ABOUT THE MUSEUM
Located just south of downtown Bellevue on a historic plot of land is a wealth of local history which is well preserved and presented at the Mad River & NKP Railroad Society Museum. The Mad River and NKP Railroad Society Inc. (incorporated in Ohio as a 501(c)(3) non-profit organization was founded in 1972 by Mr. Jean Leonard, a local pharmacist and railroad historian of Bellevue, Ohio. In 1976, the museum was opened as a lasting bicentennial project. Starting with one wooden caboose and vision, a fledgling group of railroad enthusiasts began building a museum that has spanned four decades and grown to become a nationally known and respected institution.
The group’s name honors the Mad River and Lake Erie Railroad, the first railroad chartered in Ohio, and the Nickel Plate Road (New York, Chicago & St. Louis Railroad Company), which is the local railroad that placed Bellevue on the map in the late 1880s. “NKP” is the American Association of Railroads reporting mark for the Nickel Plate Road which ran through Bellevue from 1882 until 1964 when it merged with the Norfolk & Western Railway. Bellevue housed the largest classification terminal on the system, all maintenance of way equipment for the road, the principal icing station, an engine terminal for both diesel and steam, headquarters of the general superintendent, and facilities that were used by four of the Nickel Plate’s divisions. The Nickel Plate System is now part of Norfolk Southern and still serves a vital role in the rail transportation network of the Midwest.
The site the museum was built on is the former location of Henry Flagler’s mansion. Flagler was one of the major investors of the Standard Oil Company and he then went on to develop Florida by building the Florida East Coast Railroad which opened the area for tourist travelers.
The museum collection includes locomotives both steam and diesel, freight and passenger cars, cabooses, and unique items such as a “V” blade snowplow, an operational 200-ton wrecker, and the first dome passenger car built in the United States the Silver Dome. Many of the cars contain displays that interpret various aspects of railroad history. The museum also sports a restored depot, watchman’s tower, and Section House.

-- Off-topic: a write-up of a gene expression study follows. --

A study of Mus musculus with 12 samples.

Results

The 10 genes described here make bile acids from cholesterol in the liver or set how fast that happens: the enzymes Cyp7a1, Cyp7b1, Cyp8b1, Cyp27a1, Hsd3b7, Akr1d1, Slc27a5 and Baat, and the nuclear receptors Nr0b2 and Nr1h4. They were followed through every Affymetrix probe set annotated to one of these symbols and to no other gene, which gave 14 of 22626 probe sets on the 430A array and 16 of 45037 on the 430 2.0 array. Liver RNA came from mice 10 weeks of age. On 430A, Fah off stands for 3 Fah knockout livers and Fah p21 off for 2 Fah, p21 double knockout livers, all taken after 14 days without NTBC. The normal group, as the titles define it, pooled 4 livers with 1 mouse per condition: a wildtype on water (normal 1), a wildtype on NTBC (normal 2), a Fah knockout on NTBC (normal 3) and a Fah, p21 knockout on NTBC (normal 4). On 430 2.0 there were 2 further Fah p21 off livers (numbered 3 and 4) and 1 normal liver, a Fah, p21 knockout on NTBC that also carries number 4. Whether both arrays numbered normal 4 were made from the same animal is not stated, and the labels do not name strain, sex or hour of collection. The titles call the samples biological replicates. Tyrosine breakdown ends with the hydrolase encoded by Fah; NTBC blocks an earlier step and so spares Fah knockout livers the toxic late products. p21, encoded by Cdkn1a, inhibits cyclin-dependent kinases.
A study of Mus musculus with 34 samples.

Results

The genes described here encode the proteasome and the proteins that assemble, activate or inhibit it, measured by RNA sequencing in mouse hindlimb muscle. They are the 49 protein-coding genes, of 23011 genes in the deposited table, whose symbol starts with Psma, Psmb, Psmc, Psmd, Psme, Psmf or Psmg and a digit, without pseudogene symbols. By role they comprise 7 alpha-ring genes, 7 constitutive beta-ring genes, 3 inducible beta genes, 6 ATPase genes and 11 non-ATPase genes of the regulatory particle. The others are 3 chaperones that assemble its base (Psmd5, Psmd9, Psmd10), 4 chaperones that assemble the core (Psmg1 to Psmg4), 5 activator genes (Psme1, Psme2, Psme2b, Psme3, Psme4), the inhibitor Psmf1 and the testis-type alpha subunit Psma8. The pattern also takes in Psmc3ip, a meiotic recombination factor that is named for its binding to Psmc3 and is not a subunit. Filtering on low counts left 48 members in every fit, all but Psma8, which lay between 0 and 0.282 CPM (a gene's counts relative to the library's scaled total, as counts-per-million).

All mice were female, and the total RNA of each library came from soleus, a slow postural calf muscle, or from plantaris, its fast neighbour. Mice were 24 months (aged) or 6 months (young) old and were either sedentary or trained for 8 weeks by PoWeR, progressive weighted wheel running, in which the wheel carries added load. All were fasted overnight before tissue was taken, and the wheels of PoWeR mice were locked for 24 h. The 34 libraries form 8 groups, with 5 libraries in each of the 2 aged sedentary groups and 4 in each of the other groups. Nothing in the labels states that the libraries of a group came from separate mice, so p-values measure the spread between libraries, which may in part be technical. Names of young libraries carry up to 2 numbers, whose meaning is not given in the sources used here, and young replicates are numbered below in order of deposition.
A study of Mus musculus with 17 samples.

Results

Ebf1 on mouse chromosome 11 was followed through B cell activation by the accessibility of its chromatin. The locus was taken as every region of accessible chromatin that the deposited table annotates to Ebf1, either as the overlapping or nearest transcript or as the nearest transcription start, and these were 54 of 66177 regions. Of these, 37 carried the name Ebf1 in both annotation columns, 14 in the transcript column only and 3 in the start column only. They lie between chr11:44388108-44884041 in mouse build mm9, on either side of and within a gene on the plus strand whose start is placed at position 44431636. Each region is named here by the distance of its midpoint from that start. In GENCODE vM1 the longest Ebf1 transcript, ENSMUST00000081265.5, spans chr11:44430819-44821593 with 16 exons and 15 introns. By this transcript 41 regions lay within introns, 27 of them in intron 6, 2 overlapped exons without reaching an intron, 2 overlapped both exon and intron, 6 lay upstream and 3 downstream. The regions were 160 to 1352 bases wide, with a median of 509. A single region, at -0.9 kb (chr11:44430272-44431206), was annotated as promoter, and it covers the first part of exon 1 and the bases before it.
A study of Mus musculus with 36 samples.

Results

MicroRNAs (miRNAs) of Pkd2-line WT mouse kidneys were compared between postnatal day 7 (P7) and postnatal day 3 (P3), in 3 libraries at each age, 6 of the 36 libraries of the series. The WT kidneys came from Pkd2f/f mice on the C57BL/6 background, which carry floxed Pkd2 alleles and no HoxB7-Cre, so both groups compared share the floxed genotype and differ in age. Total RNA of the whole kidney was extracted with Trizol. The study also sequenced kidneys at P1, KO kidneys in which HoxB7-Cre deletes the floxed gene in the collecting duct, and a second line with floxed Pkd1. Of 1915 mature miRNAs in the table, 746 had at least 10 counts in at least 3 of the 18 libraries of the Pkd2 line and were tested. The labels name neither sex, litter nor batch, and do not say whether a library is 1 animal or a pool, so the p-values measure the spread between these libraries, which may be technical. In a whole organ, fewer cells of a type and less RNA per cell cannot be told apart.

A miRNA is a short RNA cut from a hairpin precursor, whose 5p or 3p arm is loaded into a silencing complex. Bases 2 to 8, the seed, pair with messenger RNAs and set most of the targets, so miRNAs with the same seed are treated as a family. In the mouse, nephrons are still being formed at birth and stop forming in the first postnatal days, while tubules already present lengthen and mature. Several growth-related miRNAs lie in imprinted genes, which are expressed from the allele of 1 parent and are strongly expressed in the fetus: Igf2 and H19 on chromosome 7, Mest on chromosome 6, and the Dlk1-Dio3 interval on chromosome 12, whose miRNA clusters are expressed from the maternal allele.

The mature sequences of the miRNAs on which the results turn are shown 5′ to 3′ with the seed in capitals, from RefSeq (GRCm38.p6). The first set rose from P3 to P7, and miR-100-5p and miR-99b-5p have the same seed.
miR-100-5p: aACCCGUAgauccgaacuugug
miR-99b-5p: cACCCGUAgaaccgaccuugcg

Making this museum collection unique is the fact that you can climb into the locomotive cabs, sit in the Engineer’s seat, or step into the cabooses and see how the early Conductors worked and lived when on the road. A passenger coach, sleeper car, dome, and dining car portray passenger travel in the late 1940s-50s era before the automobile became the preferred travel mode and took the passengers away from the rails.
There are artifacts to interest everyone visiting, from old paper documents regarding the operations of trains, to the china and silver settings used on the luxury passenger cars, to track maintenance tools, and how communication has developed from early lamps and hand signals to modern radio communications between crews and dispatchers.
The museum has a newly rebuilt three-track coach yard for storage of museum and privately-owned rail equipment, a former Lakeshore & Michigan Southern Railroad freight house which now serves as the Society’s offices, the Mary Cooper Restoration Building that serves as the Museum’s shop complex, and the Monument Station that was formerly a cemetery monument cutting plant which now houses a large collection of displays including two cabooses and a full-size replica of the “Sandusky”, the first locomotive owned by the Mad River and Lake Erie railroad which linked Sandusky and Bellevue. Also in the Monument Station is the Trackside Gift shop, an extensive array of railroad-themed clothing, books, videos, pins, mugs, patches, and many other items to satisfy any visitor.
The Mad River and NKP Railroad Society is an educational institution and in fulfilling this mission, the museum conducts many school-tour field trips as well as conducts courses for earning the railroad merit badge for the Boy Scouts of America. The museum is also a major supporter of the nationally known Operation Lifesaver Grade Crossing Safety Educational Program.
The Mad River & NKP Railroad Museum is completely self-sustaining and does not receive government funding to operate. Financial support is received by admissions to the museum, generous donations, and fund-raising events held throughout the year. Events include our annual Car Show on Labor Day weekend, the Holiday Train just after Thanksgiving, and the Dinner in the Diner events. Special events are announced and promoted on our website and Facebook Page.
In 2012 the Mad River & NKP Railroad Society received the generous donation of all the former land of the Bellevue Farmers’ Cooperative grain elevator. Sunrise Cooperative, the last owner of the property had cleared it of the metal grain bins leaving only the two iconic red and white checkerboard painted concrete silos on the Gardner Street parcel. This property gives the museum much room for expansion and a metal office building to be used for the archival collection and research facility. Also donated were parcels owned by Stephen Kemper, one being the former Kemper Iron and Metal business property on Monroe Street. This area has been developed into the Kemper Rail Park, a raised concrete platform equipped with benches and trash receptacles for rail enthusiasts to spend time and watch the trains coming and going in all four directions.